World-Class Instructor Teaches Welding at MTCC

MTCC Voices: World-Class Welder Shares His Passion at MTCC

by Dr. Beverly Watts, Dean of Student Success

MARION – Welding might appear on Mike Rowe’s Dirtiest Jobs show as a job that is unappealing to most people, but it is a job that can take you around the world.  The art of welding took Clay Dowdle all over the world during his welding career, but the foothills of North Carolina and his family recently called him home.   Clay joined the faculty at McDowell Technical Community College in August 2020 to teach welding classes and share his wealth of knowledge about welding.

Clay has always enjoyed working with his hands.  He got interested in welding around the age of 14 years while helping out on his uncle’s and grandfather’s farms.  One day, Clay and his brother met a gentleman, Robert, who worked in construction and traveled a good bit with his job.  Robert told Clay and his brother that they needed to stay in school and that they could contact him about getting a job when they graduated from high school.  

Clay took welding classes in the 10th, 11th, and 12th grades at McDowell High School.  He said, “I did okay in school, but I really enjoyed the shop classes that allowed me to complete ‘hands-on’ projects.”  In his senior year, Clay went to the state competitions and remembers placing either second or third in the state. During the summer months between the 11th and 12th grade, Clay worked for Robert (the gentleman who worked in construction and told him to stay in school) and enjoyed it.  Clay graduated on a Friday and, remembering the offer that Robert had made years earlier, Clay called Robert the very next day.  Robert offered him a job and Clay found himself traveling to Ohio for his first job on Sunday, just two days after graduating from high school!  It was an apprenticeship job that involved welding with the boilermakers who worked all over the United States.  Boilermakers work with any type of vessel or container that holds liquid:  pressure vessels and reactive vessels. These vessels are found in many industries including power plants and paper mills.

The job took him to places all along the East Coast, from Maine to Florida, performing tank or vessel repair work from 2001 to 2006.  In 2006, Clay started working in nuclear power plant settings.  This type of work took Clay all over the world: from coast-to-coast in the US, Sweden, Belgium, and Slovenia, just to name a few.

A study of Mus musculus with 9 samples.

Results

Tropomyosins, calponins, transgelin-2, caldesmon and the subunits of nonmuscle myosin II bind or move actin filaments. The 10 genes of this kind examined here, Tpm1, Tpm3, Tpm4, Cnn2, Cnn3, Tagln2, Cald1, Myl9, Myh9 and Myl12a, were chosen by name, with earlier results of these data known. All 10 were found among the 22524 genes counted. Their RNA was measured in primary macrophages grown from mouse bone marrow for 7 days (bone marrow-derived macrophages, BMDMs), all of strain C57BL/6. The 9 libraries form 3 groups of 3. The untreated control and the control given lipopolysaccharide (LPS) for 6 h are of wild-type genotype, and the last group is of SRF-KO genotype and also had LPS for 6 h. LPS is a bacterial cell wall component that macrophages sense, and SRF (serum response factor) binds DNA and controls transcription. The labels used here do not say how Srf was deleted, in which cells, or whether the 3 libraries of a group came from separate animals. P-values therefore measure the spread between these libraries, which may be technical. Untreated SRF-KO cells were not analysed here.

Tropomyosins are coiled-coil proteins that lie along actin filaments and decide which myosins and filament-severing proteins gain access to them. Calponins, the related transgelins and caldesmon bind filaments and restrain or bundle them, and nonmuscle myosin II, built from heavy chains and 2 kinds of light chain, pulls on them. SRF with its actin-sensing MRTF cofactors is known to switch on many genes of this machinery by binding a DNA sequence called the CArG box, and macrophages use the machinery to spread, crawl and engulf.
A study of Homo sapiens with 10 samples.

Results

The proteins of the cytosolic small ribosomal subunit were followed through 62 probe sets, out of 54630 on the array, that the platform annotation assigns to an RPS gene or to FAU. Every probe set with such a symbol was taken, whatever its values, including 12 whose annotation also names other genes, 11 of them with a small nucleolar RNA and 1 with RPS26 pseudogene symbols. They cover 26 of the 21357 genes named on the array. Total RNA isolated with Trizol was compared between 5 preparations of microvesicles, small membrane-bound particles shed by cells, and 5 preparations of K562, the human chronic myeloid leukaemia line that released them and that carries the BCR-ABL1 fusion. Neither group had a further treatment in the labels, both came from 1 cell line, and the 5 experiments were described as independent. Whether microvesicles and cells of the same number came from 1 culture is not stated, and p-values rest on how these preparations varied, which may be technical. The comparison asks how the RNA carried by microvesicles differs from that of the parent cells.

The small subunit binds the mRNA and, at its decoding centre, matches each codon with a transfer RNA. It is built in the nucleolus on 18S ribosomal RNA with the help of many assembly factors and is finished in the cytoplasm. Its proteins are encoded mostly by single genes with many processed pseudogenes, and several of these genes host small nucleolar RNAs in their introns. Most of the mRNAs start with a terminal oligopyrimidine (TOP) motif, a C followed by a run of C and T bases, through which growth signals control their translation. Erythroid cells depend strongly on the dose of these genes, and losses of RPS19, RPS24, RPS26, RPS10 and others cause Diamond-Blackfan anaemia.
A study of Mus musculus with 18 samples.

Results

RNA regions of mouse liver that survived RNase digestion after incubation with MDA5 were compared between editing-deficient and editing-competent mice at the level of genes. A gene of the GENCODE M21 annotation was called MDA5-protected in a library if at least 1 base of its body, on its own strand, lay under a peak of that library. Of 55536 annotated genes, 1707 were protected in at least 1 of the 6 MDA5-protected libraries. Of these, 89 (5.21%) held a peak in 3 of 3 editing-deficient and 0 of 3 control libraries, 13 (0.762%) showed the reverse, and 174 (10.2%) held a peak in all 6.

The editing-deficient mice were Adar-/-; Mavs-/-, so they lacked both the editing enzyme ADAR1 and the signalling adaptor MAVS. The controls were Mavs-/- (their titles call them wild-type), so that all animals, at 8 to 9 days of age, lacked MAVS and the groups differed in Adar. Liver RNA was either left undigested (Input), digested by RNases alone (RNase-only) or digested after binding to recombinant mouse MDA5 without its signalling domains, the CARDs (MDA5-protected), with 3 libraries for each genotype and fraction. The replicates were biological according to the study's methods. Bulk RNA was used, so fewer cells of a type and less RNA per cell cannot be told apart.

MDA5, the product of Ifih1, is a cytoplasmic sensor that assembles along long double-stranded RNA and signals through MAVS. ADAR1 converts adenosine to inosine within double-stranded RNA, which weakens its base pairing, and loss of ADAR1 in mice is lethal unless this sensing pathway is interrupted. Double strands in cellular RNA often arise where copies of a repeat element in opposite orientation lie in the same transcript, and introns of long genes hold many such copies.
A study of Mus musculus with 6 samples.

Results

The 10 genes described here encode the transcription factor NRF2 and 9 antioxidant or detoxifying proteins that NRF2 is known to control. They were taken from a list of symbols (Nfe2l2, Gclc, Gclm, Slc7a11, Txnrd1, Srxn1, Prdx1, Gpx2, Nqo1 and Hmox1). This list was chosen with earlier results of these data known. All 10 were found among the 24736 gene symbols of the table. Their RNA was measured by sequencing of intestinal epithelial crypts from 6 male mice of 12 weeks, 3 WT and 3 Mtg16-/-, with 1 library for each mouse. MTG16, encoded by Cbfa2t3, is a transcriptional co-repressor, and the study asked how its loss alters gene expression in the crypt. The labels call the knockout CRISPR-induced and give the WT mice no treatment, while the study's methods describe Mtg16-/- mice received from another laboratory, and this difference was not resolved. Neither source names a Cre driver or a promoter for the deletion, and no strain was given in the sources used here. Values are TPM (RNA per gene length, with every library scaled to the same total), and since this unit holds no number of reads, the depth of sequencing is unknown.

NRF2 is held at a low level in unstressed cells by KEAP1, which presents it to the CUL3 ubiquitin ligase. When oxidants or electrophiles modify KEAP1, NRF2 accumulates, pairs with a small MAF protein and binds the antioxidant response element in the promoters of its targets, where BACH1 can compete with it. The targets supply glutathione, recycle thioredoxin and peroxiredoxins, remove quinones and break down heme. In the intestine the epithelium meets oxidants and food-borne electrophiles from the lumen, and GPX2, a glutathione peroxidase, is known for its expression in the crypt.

Special credentials are required to work as a welder in nuclear power plants, which very few welders have.  Clay, along with a small team of welders, would go to a shop in Lynchburg, VA to train for two or three weeks at a time to acquire the skills needed to work in the nuclear power plants.  After the training, the welders would be shuttled by limousine to the airport to fly to their destination, all expenses paid.  Clay said, “I felt like a rock star!”

Clay’s last job that he held from 2016 to 2019 took him to Georgia where a new nuclear power plant was being built.  Construction of a nuclear power plant had not been started in the United States since the late 1970’s. The reactor was built in South Korea; reactors were built in the US in the 1970’s but none have been manufactured in the United States since that time. The welders on this project worked in teams of only two or three and were called Reactor Vessel Internals (RVI) Crews.  Clay and his brother were fortunate to work on an RVI Crew together and were the first Americans to step inside the reactor at this plant!  Clay felt that this was quite an honor.

Working around the world meant that Clay was away from home an average of 300 days a year which made it very hard on his family.  Clay and his wife, Katie, have three children ages 11, 9, and 7.  Clay decided to come home at the end of 2019 and start his own business.  “I really don’t have a hobby, so I would purchase welding equipment while I was working,” Clay said.  This equipment is now being used for his business.

A position opened up in the Welding program in 2020 and a friend of Clay talked him into applying for the job.  Clay was hired and has found that he really enjoys sharing his love for welding and helping others learn how to weld in order to get a job and provide for their families.  Clay indicated that “welding has not changed much in the last 60 years.”  Some processes have become automated while most processes are still manual.  Clay is a master of these skills and is grateful to have the chance to teach these skills to his students and help them be successful welders.  Welders are needed in several industries throughout McDowell County, and Clay hopes to assist these industries in filling the open positions.

Clay is especially proud of one student, Chris Clayton, who has been in his classes this academic year.  Chris lost his job at Ethan Allen when the plant closed in Old Fort in 2019.  Chris enrolled in the welding classes at McDowell Tech, and Clay is very impressed by Chris’s commitment to learn everything that he can about welding.  Clay plans to “show him everything I know” and cannot wait to see where welding takes Chris in the future.  Who knows?—welding may take Chris all over the world.  Just like Clay Dowdle!

“We are very lucky to have attracted a world-class instructor like Mr. Dowdle to our staff,” said Dr. Brian S. Merritt, MTCC President. “It has become increasingly difficult—in fact, nearly impossible—to recruit and retain highly skilled, in-demand instructors in technical and vocational programs who are of Clay’s caliber, given that community college faculty salaries in North Carolina rank 40th in the nation.  Even our colleagues in the University System and K-12 public schools are able to offer higher salaries than we can. That is why it is imperative that our legislators consider greater equity for community college faculty salaries in this legislative session.”